Watertown woman creates "kitty shelters" for strays to keep warm


Solberg has two dogs and two cats - one of those cats loves to be outside.

"He brought home another cat one day and that was on New Year's Eve when it was -40 out with the wind chill, so I felt extremely bad for the cat," Solberg said.

She searched online for ideas, found a few shelters that used Styrofoam so she built her own with a different material. Each tote has a smaller one inside.

"The insulation is around the outside. I covered it with shavings so that the cats, if they get their claws up there, they don't get fiberglass on them," Solberg said. "This is wood shaving on the inside and then I just have to food in the corner."

Solberg tries to check each shelter as much as she can, refilling the food when needed. The smaller totes were around $50 total while the larger ones were just a little more to make. Solberg's friend has teamed up with her to get more totes out around Watertown. So far, around 15 shelters have been placed.

Her idea is gaining attention around northeast South Dakota

"I received a call from somebody at work because they didn't really know how to contact me and gave me her number to call her and said she wanted one of the kitty shelters. So I brought one to her house because she said she has about 4 animals that come to her house and then she gave me a donation" Solberg said. "I had somebody from Britton, who I don't even know, they just sent money to me for the donation to make more so it's definitely a help."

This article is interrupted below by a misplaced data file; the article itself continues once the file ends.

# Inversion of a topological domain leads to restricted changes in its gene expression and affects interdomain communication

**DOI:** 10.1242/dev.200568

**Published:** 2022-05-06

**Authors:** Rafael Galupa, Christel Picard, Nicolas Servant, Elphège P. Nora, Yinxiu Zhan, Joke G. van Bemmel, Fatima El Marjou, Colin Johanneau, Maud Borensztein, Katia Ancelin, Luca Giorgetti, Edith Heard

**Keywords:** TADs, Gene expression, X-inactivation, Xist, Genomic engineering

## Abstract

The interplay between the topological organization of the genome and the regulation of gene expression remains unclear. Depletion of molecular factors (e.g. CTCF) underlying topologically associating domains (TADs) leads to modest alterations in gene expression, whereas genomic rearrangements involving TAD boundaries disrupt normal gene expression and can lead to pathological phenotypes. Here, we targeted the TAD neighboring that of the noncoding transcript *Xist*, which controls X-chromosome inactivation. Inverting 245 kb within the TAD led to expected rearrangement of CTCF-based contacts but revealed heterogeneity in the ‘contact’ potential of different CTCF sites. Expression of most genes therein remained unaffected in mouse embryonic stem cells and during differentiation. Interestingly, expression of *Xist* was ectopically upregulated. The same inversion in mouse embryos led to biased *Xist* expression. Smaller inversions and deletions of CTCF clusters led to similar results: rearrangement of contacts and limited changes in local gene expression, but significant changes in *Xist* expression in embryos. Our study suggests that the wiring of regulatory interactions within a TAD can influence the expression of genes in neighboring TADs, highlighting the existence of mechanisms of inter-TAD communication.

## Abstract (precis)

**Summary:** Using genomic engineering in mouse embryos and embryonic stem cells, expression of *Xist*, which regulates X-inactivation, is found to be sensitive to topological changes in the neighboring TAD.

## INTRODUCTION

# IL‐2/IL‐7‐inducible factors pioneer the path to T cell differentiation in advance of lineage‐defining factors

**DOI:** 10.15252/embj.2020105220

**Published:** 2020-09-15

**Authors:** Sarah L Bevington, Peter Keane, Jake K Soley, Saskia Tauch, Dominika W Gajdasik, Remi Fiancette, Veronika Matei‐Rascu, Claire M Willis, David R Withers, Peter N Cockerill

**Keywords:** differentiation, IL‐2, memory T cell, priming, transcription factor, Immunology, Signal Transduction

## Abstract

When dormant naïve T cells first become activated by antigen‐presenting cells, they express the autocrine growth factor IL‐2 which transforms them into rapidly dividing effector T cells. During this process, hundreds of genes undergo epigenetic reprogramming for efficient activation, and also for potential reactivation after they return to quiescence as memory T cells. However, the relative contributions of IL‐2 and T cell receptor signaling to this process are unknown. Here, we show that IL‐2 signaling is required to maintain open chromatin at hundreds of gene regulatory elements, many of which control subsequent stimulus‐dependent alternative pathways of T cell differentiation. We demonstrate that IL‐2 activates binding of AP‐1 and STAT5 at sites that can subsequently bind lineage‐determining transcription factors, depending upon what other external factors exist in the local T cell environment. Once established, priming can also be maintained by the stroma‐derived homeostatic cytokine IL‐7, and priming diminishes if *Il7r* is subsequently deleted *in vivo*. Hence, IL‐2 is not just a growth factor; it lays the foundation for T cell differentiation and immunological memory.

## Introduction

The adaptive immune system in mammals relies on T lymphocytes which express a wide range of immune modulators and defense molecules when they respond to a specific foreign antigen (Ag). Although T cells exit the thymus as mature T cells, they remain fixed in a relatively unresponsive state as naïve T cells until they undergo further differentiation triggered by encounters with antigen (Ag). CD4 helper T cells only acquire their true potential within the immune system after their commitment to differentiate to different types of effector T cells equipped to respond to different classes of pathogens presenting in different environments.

The local humane society is following Solberg's progress.

"She's had a great idea and every little bit helps. She's concerned about the welfare of the cats and that's a very noble idea," Glacial Lakes Humane Society and Shelter Manager Donna Rapinchuk said.

The stray population in Watertown is about 10 cats for every city block.

"More people are utilizing the shelter when they find themselves unable to keep their pet. We've been able to, as the city estimates, get down to at least 4 feral or stray cats per city block, so there has been some improvement over the past few years, but by no means has the feral or stray cat problem been resolved," Rapinchuck said.

Solberg hopes to add shelters in communities around Watertown. She's already placed one in Henry. Solberg is always taking suggestions on where more shelters should be.

She's always had a soft spot for animals and Solberg hopes to insulate her garage to take in neglected animals soon.